Career Coaches vs Recruiters
Career coaches versus recruiters -- does it need to be one or the other? Both career coaches and recruiters can play an important role in a job seeker's journey.
Career coaches spend time getting to know those looking for employment -- learning what they enjoy doing, what their career choices have been, what their hobbies are, and what ideas they have about what they hope to pursue next. The job seekers share work experiences they have had and what has been positive or negative about those experiences. The career coach and the job seeker work together to develop a strategy to find better work opportunities.
Recently, I had a conversation with a recruiter I know, and the recruiter was frustrated because there is this myth among many job seekers that a recruiter works for the job seeker. In reality, the recruiter works for the employer who has the opening. When a job seeker sends the recruiter his/her resume, it is expected that the recruiter will find the job seeker employment. But that is not always the case. Recruiters recommend to employers the best candidates they have for the position. They are looking at many different specs when they are filling the position. The employer pays the recruiter when the position is filled.
The job seeker does not pay the recruiter for finding him or her a job.
The bottom line is, the successful job seeker uses both a career coach and recruiter to help find work. And the more the job seeker widens his or her networking circle, the greater chance there is in finding the best opportunities.
Career coaches can dedicate more personal time with each job seeker to work one-on-one, updating resumes, preparing for interviews, giving encouragement, assisting in networking, and preparing the job seeker’s online presence through personal branding. Career coaches also can offer a tremendous amount of support and career guidance. Job seekers often feel dejected in dealing with the changing world of the job search. They need someone to talk to and someone who shows empathy while keeping them on course to achieve their goals of finding new opportunities.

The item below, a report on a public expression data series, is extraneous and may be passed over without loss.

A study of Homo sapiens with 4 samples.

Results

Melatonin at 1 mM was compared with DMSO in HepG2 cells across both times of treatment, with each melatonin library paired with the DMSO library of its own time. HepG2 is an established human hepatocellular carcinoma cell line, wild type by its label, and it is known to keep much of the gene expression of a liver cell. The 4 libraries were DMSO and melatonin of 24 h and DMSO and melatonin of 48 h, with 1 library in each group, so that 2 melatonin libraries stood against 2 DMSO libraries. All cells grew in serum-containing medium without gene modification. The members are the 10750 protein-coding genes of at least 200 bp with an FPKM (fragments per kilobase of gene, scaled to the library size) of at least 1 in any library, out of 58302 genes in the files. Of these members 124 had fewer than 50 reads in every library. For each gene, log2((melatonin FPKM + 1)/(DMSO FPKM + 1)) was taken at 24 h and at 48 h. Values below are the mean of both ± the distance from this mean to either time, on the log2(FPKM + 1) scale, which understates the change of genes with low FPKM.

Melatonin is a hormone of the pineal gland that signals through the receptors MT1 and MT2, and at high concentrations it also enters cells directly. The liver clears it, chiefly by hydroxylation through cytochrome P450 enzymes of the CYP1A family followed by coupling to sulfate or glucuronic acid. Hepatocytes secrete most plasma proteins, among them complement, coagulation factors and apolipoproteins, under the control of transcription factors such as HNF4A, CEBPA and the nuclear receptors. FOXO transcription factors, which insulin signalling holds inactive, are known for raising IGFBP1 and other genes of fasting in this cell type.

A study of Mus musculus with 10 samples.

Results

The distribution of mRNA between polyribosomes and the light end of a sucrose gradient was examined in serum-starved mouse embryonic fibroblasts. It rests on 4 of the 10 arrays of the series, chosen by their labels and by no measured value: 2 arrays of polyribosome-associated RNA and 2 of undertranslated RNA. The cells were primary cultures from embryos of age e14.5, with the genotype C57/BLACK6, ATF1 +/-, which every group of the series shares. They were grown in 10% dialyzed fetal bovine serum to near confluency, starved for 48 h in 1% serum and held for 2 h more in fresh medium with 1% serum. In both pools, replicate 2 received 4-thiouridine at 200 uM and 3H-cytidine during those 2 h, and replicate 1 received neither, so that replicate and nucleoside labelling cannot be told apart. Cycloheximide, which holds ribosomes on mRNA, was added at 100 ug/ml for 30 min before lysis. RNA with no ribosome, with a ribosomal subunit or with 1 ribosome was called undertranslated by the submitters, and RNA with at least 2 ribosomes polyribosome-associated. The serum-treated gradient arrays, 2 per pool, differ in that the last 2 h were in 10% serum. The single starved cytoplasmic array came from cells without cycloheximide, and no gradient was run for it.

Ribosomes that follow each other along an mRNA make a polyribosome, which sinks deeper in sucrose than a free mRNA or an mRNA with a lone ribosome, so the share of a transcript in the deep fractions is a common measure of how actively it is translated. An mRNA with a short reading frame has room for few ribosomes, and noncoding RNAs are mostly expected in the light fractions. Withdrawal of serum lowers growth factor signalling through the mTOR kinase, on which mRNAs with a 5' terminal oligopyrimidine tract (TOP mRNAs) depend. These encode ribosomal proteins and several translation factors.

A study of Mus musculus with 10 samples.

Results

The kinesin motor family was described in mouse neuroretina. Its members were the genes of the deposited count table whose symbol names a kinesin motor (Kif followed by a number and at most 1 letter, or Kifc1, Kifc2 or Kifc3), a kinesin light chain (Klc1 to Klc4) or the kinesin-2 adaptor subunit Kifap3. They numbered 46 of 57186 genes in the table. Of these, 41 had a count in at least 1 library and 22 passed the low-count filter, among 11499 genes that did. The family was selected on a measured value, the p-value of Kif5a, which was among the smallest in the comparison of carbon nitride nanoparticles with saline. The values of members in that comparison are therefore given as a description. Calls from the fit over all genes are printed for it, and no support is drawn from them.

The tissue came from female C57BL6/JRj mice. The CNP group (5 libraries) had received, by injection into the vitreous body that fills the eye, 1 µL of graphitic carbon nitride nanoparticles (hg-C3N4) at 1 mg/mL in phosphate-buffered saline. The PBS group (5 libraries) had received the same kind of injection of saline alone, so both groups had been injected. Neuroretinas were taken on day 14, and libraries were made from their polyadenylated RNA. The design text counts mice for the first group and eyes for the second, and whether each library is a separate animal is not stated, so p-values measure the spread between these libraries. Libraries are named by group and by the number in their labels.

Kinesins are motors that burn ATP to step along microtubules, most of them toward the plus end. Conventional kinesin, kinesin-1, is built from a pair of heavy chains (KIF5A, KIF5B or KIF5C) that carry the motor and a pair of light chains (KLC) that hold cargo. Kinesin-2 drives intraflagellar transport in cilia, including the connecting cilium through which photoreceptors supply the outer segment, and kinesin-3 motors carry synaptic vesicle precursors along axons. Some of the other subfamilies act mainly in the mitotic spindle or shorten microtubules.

While the recruiter spends time getting to know job seekers and their work experience, the recruiter's main relationship is with the employer and filling the position. A good recruiter has his/her finger on the pulse of local industries and specific companies. Good recruiters build relationships with hiring managers and may hear about openings before they hit social media. Therefore, it would be beneficial for job seekers to keep a working relationship with recruiters, as well.
Ultimately, the responsibility falls on the job seeker to network and make connections with people and companies that he or she is interested in working for some day.
Sharp Human Resources works with recruiters in the WNY area. We feel very fortunate to have created these relationships with recruiters. Click here to see what opportunities some of the local WNY recruiters have available. If you know someone who is looking for assistance with a job search and could use some career coaching, we provide services that include; resume development, social media personal branding, LinkedIn profile review, networking techniques, and interview coaching. In the end, keep a positive attitude. Realize that there are a variety of things you can do to find the best career path for you. Make sure you have taken the necessary steps; prepare your resume, prep for interviewing, and create a personal brand. Then network, network, network.